But just because single note lines are easier to play than chords on fretless instruments does not mean that these instruments are used "mainly for melody." There is a whole world full of bass players in the rhythm section who are not playing melodies, but outlining harmonic backdrops for the melodies played by other instruments. And there is similarly a whole world of string section players providing harmonic backdrops for other instruments that carry the melody.

  • The difficulty is almost entirely flat vs. rounded fingerboard. Reasonably skilled players of bowed instruments can and do play long sequences of double-stops. Bowed or plucked, we're expected to play sequences of triple or quad-stops as well. Take a look at Peter and the Wolf for a well-known example. – Carl Witthoft Jul 29 at 15:15
  • It is more difficult to play chords on fretless stringed instruments. ... define "more difficult". For the same instrument, fretted and fretless, perhaps; or trying to play guitar barre chords on a fretless arched fingerboard; but a reasonably skilled player will be able to play quite complex chords on their traditional instrument without having to think about it. – Rich Jul 29 at 16:01

  • Of course, guitarists (especially electric) can use bending and sometimes a whammy bar to get easily as much vibrato and portamento as the unfretted strings. Then again, this gets even more difficult when playing polyphonically than on bowed fretless strings! – leftaroundabout Jul 29 at 9:13
  • Not only bending is an option; most acoustic guitars have frets thick enough so you can do tiny vibrato by varying the pressure you put onto the string. – marstato Jul 29 at 15:01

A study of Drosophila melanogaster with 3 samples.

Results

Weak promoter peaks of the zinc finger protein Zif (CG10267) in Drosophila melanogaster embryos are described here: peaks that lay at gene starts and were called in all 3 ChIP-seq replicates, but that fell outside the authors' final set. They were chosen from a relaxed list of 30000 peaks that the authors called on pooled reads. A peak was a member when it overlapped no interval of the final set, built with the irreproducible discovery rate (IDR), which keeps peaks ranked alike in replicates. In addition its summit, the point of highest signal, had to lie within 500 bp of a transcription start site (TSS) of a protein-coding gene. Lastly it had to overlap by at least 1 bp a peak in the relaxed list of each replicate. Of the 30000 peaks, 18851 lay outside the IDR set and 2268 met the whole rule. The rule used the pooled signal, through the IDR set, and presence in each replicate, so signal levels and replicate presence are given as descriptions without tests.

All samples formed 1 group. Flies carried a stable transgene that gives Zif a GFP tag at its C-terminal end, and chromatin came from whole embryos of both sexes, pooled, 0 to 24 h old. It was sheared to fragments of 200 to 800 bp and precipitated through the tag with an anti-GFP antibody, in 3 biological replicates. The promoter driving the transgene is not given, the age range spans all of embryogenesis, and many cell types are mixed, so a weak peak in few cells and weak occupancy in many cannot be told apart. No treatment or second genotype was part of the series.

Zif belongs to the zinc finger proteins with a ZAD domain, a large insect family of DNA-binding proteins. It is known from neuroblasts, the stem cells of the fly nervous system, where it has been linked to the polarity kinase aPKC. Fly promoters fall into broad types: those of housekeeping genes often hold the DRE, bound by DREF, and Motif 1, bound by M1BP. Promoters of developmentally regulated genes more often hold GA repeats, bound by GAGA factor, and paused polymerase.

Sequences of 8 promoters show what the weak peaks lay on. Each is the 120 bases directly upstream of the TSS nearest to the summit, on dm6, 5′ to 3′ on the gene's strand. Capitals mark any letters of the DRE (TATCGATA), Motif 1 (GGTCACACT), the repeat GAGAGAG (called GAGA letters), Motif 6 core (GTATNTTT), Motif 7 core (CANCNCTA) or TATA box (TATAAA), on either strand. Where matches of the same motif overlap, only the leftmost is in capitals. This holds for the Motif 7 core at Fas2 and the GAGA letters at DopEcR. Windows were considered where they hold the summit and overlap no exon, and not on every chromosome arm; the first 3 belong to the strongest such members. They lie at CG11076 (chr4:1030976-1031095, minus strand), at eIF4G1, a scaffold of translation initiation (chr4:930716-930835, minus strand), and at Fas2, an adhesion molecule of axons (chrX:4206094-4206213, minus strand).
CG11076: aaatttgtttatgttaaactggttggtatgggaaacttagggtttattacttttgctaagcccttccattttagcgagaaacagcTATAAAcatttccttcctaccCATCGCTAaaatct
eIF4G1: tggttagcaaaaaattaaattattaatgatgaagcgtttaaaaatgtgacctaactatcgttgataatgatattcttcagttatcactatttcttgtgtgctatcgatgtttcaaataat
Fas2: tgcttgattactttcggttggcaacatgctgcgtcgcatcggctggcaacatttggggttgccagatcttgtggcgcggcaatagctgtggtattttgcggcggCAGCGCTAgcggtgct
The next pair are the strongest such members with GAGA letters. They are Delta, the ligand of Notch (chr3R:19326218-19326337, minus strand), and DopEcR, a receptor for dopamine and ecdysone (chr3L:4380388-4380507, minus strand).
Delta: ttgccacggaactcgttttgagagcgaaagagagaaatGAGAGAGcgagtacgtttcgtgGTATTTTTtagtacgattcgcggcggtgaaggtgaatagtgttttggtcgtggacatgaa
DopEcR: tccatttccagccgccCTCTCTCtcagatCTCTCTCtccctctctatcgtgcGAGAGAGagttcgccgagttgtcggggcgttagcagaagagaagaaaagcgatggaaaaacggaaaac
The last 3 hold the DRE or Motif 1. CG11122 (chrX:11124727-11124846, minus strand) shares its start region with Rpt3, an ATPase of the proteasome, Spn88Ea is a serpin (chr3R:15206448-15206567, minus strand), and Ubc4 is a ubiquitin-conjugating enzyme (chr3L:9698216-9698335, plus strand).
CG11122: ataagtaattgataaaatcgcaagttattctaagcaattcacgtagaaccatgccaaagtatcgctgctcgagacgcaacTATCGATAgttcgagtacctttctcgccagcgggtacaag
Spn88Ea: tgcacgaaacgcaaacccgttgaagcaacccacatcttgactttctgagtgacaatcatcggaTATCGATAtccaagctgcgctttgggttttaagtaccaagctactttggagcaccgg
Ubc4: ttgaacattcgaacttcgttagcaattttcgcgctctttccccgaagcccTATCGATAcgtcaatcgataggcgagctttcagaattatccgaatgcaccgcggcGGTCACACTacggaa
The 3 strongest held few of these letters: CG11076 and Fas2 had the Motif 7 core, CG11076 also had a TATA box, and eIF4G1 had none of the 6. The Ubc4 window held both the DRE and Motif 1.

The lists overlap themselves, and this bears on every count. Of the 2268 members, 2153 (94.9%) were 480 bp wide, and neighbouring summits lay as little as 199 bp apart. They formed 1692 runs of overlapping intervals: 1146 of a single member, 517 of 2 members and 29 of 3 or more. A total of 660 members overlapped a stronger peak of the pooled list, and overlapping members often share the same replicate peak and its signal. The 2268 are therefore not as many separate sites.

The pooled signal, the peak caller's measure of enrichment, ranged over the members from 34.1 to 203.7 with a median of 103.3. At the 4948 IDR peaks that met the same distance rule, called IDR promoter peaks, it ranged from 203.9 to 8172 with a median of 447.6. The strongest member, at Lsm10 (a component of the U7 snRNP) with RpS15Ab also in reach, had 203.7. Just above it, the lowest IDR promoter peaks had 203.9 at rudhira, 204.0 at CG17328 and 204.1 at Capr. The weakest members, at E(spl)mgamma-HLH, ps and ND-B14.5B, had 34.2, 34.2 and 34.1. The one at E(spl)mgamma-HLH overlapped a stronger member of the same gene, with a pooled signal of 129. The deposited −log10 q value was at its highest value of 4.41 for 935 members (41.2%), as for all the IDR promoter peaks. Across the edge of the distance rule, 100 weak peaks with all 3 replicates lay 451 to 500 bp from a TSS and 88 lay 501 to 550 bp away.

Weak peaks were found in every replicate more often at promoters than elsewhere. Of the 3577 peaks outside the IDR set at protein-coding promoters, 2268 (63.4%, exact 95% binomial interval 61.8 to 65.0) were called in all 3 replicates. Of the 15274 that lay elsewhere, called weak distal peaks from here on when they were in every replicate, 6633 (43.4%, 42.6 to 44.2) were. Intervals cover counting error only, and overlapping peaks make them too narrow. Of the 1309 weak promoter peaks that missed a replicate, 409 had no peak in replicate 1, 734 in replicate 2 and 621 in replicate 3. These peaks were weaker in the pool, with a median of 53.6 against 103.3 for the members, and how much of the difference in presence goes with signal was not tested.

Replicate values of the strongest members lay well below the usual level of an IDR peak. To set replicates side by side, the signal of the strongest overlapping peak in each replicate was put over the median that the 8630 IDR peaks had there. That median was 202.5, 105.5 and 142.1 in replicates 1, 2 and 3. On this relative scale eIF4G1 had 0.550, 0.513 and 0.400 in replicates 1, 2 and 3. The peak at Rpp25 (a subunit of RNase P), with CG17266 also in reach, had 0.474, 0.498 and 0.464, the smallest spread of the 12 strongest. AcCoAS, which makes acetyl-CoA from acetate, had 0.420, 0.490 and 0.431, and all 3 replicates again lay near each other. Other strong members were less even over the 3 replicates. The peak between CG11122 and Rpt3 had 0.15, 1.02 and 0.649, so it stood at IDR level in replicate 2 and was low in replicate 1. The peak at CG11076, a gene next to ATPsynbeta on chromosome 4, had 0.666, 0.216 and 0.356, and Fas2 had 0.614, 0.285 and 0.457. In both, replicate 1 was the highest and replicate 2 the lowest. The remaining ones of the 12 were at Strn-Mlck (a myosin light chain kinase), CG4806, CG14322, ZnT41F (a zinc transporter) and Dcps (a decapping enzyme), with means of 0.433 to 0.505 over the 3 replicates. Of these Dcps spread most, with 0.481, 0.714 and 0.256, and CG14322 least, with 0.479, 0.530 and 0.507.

• Not only bending and pressure are options - most electric guitars and basses have thin enough strings that makes it possible to play vibrato in the direction of the neck. Many guitarists also bend the entire neck; especially with open string chords; or on acoustics, applying pressure to the top around the bridge. – Rich Jul 29 at 16:06

In Pachelbel's canon in D you have a string quartet were you have the viola, first and second violins, taking turns to play the melody and the cellos providing the harmony. This coming from an ensemble with only fret-less stringed instruments.

  • Well, the cello gives the bass notes for the harmonies that happens with all the instruments playing. The lines in the violins and viola are created so they form harmonies when played together. – Lars Peter Schultz Jul 29 at 19:45

Viola-family instruments have a curved bridge. This means a single instrument can play double-stops (intervals) but cannot easily play chords. But a section of violins or string quartet can certainly play chords. So it is difficult to generalize across fretless instruments--each has different capabilities.

Some fretless stringed instruments and playing techniques (e.g., the Japamese shamisen) are quite percussive. Harmony is the major organizing principle of Western classical music, but is little-used in Japanese traditional music.

Questions about "harmony" and "melody" are vague without more context: * Vertical harmony or sequential harmony? * Culture? * Tradition/Style? * Period? * Role (solo, self-accompaniment for voice, small ensemble, large ensemble)

The Western/European musical tradition tends to relegate rhythm to secondary importance, but this is by no means the case elsewhere. A "melody instrument" can also play a base line, an ostanado or a "riff")--and may be used that way in another culture.